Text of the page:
ANNAPOLIS, Md. — Maryland high schools may soon be required to adopt a curriculum on gambling addiction, depending on the fate of one bill in the state legislature.
SB0243, sponsored by Sen. Bryan Simonaire, R-Anne Arundel, directs the Maryland State Department of Education to develop a program for local schools to teach high school students the dangers of gambling.
Local school districts would have the option to use an existing gambling curriculum or to establish a new curriculum, according to Simonaire.
“From a governmental policy standpoint, the state receives money from gambling revenues that can be used to help other priorities in our state, but also adversely enables many citizens to become gambling addicts, which creates other issues for the state,” he told Capital News Service.
Simonaire cited numerous studies in arguing the need for required education on the risks of gambling.
The risk of gambling addiction is higher among those in lower socioeconomic classes and increases the earlier they begin gambling in adolescence, according to the Victorian Responsible Gambling Foundation, in Australia.
The Maryland Health Department raises revenue to treat gambling addiction through the Problem Gambling Fund.
Annual payments of $425 per slot machine and $500 per table game go to this fund every year, according to Maryland law.
Simonaire expressed support for these funds but said there should be a greater focus on educating young people before they get addicted.
Simonaire proposed a similar bill last year that was passed nearly unanimously by the Senate but was not voted on in the House of Delegates due to the early ending of the legislative session amid the COVID-19 pandemic.
This year’s bill is identical to the amended version from last year, according to Simonaire.
“I have worked extremely hard to provide consensus among the stakeholders,” he told Capital News Service. “At this point, I believe there won’t be any opposition to the bill this year.”
Two lawmakers opposed Simonaire’s bill last year: Sen. Paul Pinsky, D-Prince George’s, and Sen. Cheryl Kagan, D-Montgomery.
Kagan told Capital News Service that she will oppose the bill again this year.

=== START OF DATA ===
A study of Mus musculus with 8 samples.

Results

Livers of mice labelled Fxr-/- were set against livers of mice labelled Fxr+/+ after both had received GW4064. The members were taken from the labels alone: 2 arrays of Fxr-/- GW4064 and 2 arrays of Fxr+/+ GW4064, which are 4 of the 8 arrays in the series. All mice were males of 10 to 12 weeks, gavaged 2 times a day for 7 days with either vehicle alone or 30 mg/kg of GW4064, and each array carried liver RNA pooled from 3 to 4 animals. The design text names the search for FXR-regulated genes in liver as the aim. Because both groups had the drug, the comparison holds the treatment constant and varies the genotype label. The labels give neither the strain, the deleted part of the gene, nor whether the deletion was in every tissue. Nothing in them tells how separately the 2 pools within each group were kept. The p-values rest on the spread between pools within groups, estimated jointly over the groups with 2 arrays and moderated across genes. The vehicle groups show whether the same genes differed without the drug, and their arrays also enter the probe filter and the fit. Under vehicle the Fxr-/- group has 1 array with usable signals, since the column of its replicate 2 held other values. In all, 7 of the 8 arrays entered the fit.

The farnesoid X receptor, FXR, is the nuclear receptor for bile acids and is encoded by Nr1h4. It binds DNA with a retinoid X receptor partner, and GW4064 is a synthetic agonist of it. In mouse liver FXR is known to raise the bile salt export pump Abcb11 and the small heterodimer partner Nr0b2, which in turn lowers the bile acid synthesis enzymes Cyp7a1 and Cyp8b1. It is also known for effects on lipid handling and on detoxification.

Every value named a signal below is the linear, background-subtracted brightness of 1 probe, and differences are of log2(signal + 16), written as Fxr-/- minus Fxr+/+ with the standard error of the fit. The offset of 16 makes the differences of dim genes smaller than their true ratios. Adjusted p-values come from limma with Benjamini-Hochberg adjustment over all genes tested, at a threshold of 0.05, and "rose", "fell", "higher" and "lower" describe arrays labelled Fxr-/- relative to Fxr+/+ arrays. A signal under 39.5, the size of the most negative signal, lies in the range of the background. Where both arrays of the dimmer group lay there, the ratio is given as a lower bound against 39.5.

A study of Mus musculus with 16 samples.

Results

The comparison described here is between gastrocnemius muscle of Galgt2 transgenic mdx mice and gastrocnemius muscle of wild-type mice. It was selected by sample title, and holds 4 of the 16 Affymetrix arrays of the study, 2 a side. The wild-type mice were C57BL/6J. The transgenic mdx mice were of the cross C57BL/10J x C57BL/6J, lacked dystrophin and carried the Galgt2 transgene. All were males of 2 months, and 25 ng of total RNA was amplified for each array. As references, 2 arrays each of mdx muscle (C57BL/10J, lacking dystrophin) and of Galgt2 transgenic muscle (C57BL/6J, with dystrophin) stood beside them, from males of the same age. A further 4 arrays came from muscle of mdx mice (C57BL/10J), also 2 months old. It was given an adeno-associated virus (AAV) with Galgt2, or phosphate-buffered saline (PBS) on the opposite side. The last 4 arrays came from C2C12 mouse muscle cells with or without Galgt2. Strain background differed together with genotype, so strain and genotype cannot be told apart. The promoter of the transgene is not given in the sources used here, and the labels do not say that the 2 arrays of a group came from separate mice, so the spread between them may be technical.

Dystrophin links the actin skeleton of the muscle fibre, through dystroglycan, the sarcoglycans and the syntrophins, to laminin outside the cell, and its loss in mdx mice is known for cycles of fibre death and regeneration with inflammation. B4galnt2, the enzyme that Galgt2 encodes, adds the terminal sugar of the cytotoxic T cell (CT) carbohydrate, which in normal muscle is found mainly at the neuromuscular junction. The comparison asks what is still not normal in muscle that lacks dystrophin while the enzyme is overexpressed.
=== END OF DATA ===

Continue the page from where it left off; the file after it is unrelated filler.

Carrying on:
“It is a widely held philosophy that the state should not mandate curriculum requirements on our 24 local school systems,” she told Capital News Service. “Our Local Boards of Education were elected to represent their communities and are best equipped to decide the curriculum for students in their county.”
Pinsky, who is the chair of the Education, Health and Environmental Affairs Committee, did not respond for comment on whether he will oppose the bill again.
Simonaire told the committee during a Wednesday meeting that the Maryland Association of Boards of Education will no longer be opposing his bill as it did last year.
However, there is still hesitation from some local school districts to adopt a statewide required curriculum.
The Baltimore City Board of School Commissioners and Anne Arundel County Public School system each had a spokesperson testify against the bill last year.
A spokesperson for each group told Capital News Service that they will continue to oppose the bill this year.
The Baltimore City Board of School Commissioners provided Capital News Service with its written testimony against this year’s bill, stating that the school system does not want a new, mandated curriculum to take time away from other health topics such as opioids, abuse, consent, and healthy eating.
Maryland has a deep history of gambling that goes back to the local popularity of the centuries-old tradition of horse racing.
Horse racing became legal in Maryland in 1870 and regulations were established in 1912, according to Maryland Matters.
Regulation of modern forms of gambling have been established in recent decades: The state lottery was approved in 1972 and casinos in 2008.
Maryland voters approved of legalized sports betting on the ballot in November via Question 2 with the implication that the government revenue goes to education.
Simonaire told the Capital News Service that he hopes for his bill to be voted on in the Senate by the end of January.
If passed, the local curriculums will begin being taught in the 2022–2023 school year, according to the bill.
This article originally appeared on Capital News Service on January 21, 2021.